A Fresh Look at Parkinson’s Self-Management
The power of the human mind to reshape itself, adapt to even the most traumatic of events, is a gift given to me by the head injury patients from my past clinical experience. Their courage inspired me to find a scientific model to help me with my own Parkinson’s disease (PD) brain injury.
Individualized presentation explained by the spectrum stage theory serves as the scientific foundation for my PD self-management efforts. Building on this is an understanding of the role of the second dopamine center and its effects when damaged by PD.
For an easy-to-use brain model, I have simplified it. There is a broken autopilot loop and a broken auto brain loop that episodically display a flicker effect. My thoughts and actions have an impact on the conditions that increase or decrease the severity of the flicker effect. I can act and think in ways that limit the problems associated with a broken PD brain, especially those associated with the broken autopilot and the broken auto brain.
I think of the PD brain as having a noisy, idle state, like when the lawn mower carburetor gets clogged. When it can’t get the proper fuel, starting the gas-guzzling grass cutter results in rattles and belches and flickers. It doesn’t hum along nicely in idle, and neither do I.
Like the lawn mower, I need clean access to nerve communication fuel for my PD brain and body to work better in synchronization. When I can manage the flicker effects, there seems to be more clean fuel in the tank.
In the broken PD brain model, both the autopilot and auto brain flicker malfunction episodically — more severely on some days. Like the lawn mower, my PD brain has days where the well of resources, the fuel tank, gets depleted. My body/brain operates in fits and starts. It flickers. My goal is to change the intensity and severity of the flicker effects to reduce the worst of times — those ugly days.
I start with the following three assumptions:
- Exercise supports homeostasis and PD self-management.
- Disruptions in homeostasis increase the flicker effect, which then decreases my resources for managing symptoms.
- Conscious control can be exercised over some aspects of the flicker effect. Doing so increases the well of resources.
These three assumptions turn into a PD self-management plan:
- Proper exercise is paramount.
- Don’t jerk yourself around. Seek equilibrium.
- Develop a brain-training workaround to deal with the broken autopilot and auto brain.
My PD self-management plan tries to do exactly that: restore homeostasis and recalibrate my tolerance for the disruption that PD causes.
Disrupted homeostasis is another term for stress on the whole body. In an article published in the journal Current Biology, researchers state:
“When internal or external circumstances give rise to a situation that takes, or threatens to take, the individual out of its zone of tolerance for one or a number of parameters, or cause it direct harm, the organism has to do the following: recognise the danger, mount a stress response that facilitates evasive action, restore homeostasis, repair any resulting damage, and, if appropriate, recalibrate the homeostatic set points and tolerance zones in the light of the new environmental circumstances.”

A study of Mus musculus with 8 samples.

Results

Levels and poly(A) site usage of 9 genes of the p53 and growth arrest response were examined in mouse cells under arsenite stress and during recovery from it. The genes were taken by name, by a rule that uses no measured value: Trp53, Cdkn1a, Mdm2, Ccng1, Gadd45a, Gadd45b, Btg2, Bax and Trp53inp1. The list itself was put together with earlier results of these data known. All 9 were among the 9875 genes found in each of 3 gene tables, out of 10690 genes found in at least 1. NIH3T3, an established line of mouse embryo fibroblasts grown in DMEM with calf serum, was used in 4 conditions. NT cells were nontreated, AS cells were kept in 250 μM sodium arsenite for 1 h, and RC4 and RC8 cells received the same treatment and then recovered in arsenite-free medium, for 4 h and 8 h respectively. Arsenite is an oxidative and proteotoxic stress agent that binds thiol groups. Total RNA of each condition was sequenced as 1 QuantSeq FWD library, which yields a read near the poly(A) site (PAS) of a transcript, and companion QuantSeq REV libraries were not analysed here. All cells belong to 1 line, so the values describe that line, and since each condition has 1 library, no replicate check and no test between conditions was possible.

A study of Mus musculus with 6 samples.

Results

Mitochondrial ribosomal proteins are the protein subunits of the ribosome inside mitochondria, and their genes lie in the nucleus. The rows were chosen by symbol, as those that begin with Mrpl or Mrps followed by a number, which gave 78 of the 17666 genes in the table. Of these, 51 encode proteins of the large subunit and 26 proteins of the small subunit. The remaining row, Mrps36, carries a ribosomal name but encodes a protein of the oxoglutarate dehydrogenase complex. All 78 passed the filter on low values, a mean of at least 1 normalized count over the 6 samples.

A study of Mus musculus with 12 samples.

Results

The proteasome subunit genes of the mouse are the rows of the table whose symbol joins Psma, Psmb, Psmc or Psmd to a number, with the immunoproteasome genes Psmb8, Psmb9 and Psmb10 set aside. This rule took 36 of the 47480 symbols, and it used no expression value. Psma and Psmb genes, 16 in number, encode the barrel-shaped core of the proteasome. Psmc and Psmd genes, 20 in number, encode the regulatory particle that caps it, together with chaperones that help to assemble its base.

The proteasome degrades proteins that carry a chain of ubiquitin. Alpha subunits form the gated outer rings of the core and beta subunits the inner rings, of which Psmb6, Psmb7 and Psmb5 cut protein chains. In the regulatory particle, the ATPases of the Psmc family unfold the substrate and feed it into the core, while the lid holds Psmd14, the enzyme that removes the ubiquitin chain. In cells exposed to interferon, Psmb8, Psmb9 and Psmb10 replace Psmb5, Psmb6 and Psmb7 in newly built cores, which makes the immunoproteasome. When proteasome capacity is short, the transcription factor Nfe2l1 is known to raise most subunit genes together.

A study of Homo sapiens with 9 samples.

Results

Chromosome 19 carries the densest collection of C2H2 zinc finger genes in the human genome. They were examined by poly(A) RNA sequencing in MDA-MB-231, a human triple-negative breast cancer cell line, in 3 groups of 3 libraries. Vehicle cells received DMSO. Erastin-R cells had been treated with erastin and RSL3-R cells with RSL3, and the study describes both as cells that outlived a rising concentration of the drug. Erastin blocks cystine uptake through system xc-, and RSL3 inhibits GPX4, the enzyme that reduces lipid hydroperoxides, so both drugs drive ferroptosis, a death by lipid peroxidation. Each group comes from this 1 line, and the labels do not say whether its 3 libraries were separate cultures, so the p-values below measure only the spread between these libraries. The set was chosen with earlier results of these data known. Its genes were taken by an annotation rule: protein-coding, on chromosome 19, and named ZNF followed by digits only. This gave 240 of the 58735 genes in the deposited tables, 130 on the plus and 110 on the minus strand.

Every day is a new day for my PD management. Stress may come from any source, anticipated or unexpected. If left unattended, my flicker effect of symptoms can blink on and off erratically. It is then that I must sit, breathe, and manage my brain and body. If I don’t, it just gets worse, and there are more ugly days.
I have found that the cumulative effect of proper exercise, equilibrium, and brain retraining, over years of dedicated practice, makes a huge difference in the frequency of ugly days. It is the symbiosis of doing all three that yields better results. Like the lawn mower, my PD body works better when there is a steady flow of fuel, and plenty left in the tank.
This PD self-management program requires that I show up every day prepared and ready to work all day on improving how I live with this chronic illness. I am learning all over again even the simplest of things. I don’t simply walk, because that uses the broken autopilot. Instead, I “perform,” being ever mindful of each movement during the walking process.
I am still exploring the details of this PD self-management program. I have always said, “If I can’t walk it, I won’t talk it.” But thus far, I am excited about its potential for improving quality of life.
Note: Parkinson’s News Today is strictly a news and information website about the disease. It does not provide medical advice, diagnosis or treatment. This content is not intended to be a substitute for professional medical advice, diagnosis, or treatment. Always seek the advice of your physician or another qualified health provider with any questions you may have regarding a medical condition. Never disregard professional medical advice or delay in seeking it because of something you have read on this website. The opinions expressed in this column are not those of Parkinson’s News Today or its parent company, BioNews, and are intended to spark discussion about issues pertaining to Parkinson’s disease.